News and Views

Many tenants and housing workers have been asking for a summary of the changes to the Residential Tenancy Act that were passed by the Tasmanian Parliament in September, so here they are.  We can’t stress enough that these rules are have not come into effect yet. There has been no announcement about a commencement date but you can keep up-to-date with the latest through the Tenants’ Union website.  The main changes are:

  • Tenants will move on to a non-fixed term lease immediately following the end of a fixed term lease unless you have been given a valid Notice to Vacate or you give a valid Notice to Terminate prior to the end of the fixed term lease.
  • Tenancies will have to be advertised at a fixed price and the landlord/agent must not invite a tenant to bid higher than the advertised fixed price.
  • In addition to existing requirements, there will be minimum standards for residential tenancies.  The standards will be rolled out over the next few years and a list of them can be found below.
  • Only deposit-taking institutions (ie banks, credit unions) will be able to charge fees for paying the rent.  Other services that landlords/agents use to collect rent must not charge fees to the tenant.
  • There will need to be 12 months between rent increases and at least 60 days notice.  This does not apply to properties owned by Housing Tasmania who only need to give 60 days notice.  The Residential Tenancy Commissioner will preside over disputes about rent increases instead of the Magistrates Court.  Tenants will have 60 days from notice of the rent increase to lodge a dispute with the Commissioner.
  • The new minimum standards for residential tenancy premises will come into effect over the next few years and are 1) weatherproof and structurally sound, 2) cleanliness at the start of the tenancy, 3) good repair, 4) weatherproof and structurally sound 5) bathroom and toilet, 6) cooking facilities, 7) electricity, 8) heating in main living area, 9) window coverings* and 10) adequate ventilation.  *Properties owned by Housing Tasmania are exempt from this requirement
  • Tap washers and inaccessible light globes will be deemed to be urgent repair and therefore a landlord/agent responsibility.  Standard, accessible light globes are the responsibility of the tenant.  In addition, cooking stoves with less than half the elements working will be deemed to be an urgent repair, while cooking stoves with at least half the elements working are deemed a general repair but with 14 days to repair, rather than the usual 28 days for general repairs.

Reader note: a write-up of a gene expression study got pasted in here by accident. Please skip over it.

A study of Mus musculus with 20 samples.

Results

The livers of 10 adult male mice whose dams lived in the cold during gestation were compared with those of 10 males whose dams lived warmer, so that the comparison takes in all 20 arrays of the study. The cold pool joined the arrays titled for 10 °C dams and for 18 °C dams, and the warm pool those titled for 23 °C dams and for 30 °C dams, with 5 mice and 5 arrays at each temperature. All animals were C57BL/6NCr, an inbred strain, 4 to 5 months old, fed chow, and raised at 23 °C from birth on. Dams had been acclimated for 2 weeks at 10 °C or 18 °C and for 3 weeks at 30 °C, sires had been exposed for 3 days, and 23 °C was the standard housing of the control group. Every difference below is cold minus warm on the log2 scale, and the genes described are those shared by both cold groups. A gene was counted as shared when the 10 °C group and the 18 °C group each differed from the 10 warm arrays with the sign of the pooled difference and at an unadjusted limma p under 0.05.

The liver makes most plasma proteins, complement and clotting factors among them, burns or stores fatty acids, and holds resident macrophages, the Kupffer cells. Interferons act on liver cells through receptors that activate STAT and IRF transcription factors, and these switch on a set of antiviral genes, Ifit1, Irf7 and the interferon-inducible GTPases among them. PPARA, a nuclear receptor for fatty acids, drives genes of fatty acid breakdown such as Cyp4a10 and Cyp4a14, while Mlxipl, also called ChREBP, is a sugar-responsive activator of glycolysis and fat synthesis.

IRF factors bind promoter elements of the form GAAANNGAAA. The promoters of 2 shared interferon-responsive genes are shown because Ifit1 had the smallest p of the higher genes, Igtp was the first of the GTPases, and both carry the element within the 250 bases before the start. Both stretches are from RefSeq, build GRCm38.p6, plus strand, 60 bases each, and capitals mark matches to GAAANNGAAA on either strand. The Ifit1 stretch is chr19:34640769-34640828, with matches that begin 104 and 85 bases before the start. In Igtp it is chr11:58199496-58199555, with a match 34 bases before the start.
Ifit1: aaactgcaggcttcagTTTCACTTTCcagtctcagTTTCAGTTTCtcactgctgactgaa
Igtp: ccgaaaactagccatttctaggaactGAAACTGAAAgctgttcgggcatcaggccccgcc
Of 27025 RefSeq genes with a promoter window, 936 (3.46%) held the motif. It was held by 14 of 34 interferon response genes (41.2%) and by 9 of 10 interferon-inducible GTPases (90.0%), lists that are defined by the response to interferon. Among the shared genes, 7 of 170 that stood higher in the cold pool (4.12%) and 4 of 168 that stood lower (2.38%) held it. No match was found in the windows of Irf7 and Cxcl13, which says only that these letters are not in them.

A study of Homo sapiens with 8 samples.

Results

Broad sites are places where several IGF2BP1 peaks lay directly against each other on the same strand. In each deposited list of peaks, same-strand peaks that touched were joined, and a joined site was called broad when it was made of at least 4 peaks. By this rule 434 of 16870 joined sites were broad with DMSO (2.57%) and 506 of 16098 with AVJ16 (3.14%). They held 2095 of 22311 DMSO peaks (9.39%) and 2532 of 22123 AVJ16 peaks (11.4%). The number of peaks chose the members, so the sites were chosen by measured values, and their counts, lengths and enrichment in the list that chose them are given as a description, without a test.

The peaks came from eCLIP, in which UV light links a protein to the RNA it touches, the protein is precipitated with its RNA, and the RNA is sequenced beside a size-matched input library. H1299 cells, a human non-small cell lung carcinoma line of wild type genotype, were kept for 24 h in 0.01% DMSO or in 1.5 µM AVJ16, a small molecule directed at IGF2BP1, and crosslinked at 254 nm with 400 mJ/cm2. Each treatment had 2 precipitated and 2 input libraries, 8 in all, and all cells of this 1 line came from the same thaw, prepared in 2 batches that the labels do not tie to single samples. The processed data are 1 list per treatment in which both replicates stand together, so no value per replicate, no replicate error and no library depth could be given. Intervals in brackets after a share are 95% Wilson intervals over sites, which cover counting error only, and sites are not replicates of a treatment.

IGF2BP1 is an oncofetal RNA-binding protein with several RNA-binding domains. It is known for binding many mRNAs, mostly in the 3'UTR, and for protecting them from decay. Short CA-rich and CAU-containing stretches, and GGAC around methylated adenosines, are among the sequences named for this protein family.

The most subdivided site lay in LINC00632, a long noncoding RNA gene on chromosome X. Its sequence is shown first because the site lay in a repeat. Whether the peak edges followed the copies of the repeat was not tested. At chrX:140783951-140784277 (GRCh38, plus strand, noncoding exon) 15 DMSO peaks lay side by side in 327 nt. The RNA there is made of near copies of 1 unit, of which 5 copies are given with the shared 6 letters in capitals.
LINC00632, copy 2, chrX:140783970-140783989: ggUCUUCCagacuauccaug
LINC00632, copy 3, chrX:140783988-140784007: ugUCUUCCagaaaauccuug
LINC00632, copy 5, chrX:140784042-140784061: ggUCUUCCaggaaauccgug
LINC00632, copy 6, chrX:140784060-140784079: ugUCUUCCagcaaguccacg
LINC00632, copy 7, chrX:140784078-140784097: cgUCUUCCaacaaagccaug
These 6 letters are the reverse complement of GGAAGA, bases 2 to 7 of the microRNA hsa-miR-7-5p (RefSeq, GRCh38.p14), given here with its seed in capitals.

• If an item is unable to be repaired, the item is to be replaced with an item that serves the same primary function and functions to a similar standard as the original item before it was required to be repaired.
  • The Residential Tenancy Commissioner will replace the Magistrates Court in deciding upon repair disputes.
  • In addition to existing legislation, the landlord/ agent will need to have the tenant’s written permission to publicly display photographs that show an object identifying a tenant or another person or photographs that display a tenant’s belongings.
  • If there is a Family Violence Order (FVO) in place to protect the tenant, the tenant may change the locks and security devices without the consent of the landlord/agent.
  • The landlord/agent will have to give at least 42 clear days notice before the end of the fixed-term tenancy so long as the notice is received between 60 days before the end date and the end date.
  • Minimum notice extends from 28 clear days to 60 clear days for premises that have been repossessed.
  • Tenants evicted on a non-fixed term lease for the reason of sale, renovation or change to another purpose will have the minimum notice period extended from 28 clear days to 42 clear days.
  • An extra reason for eviction will be added: Tenants can be evicted on a non-fixed term lease because the premises are to be used as a residence by a member of the family of the owner.  This new reason will have a minimum notice period of 42 clear days.
  • For Housing Tasmania owned properties only, tenants may be evicted for the following reasons (with minimum notice periods in brackets):
    • Exceeding income and asset thresholds (90 clear days)
    • Not requiring all bedrooms in a 4 bedroom property and alternative premises are offered (28 clear days)
    • Not requiring special facilities in a modified premises and alternative premises are offered (28 clear days)
    • Being away from the premises for more than 8 weeks continuously without approval (14 clear days)
  • Tenants wanting to leave at the end of a fixed term lease will need to give at least 21 clear days notice, and the notice must be given between 60 days before the end date and the end date.  Tenants wanting to leave a non-fixed term lease still need to give 14 days notice.
  • Boarding premises will need to have adequate locks and security devices on the room of residence and entrance to the boarding premises.  Bathroom and toilet facilities must allow the occupant the ability to exclude others while using the facility.

The Tenants’ Union and other groups associated with Tasmanian residential tenancy are likely to meet with the Government in the new year to discuss the implementation of the new rules.  We’ll report on this and other issues associated with the changes as they come to hand.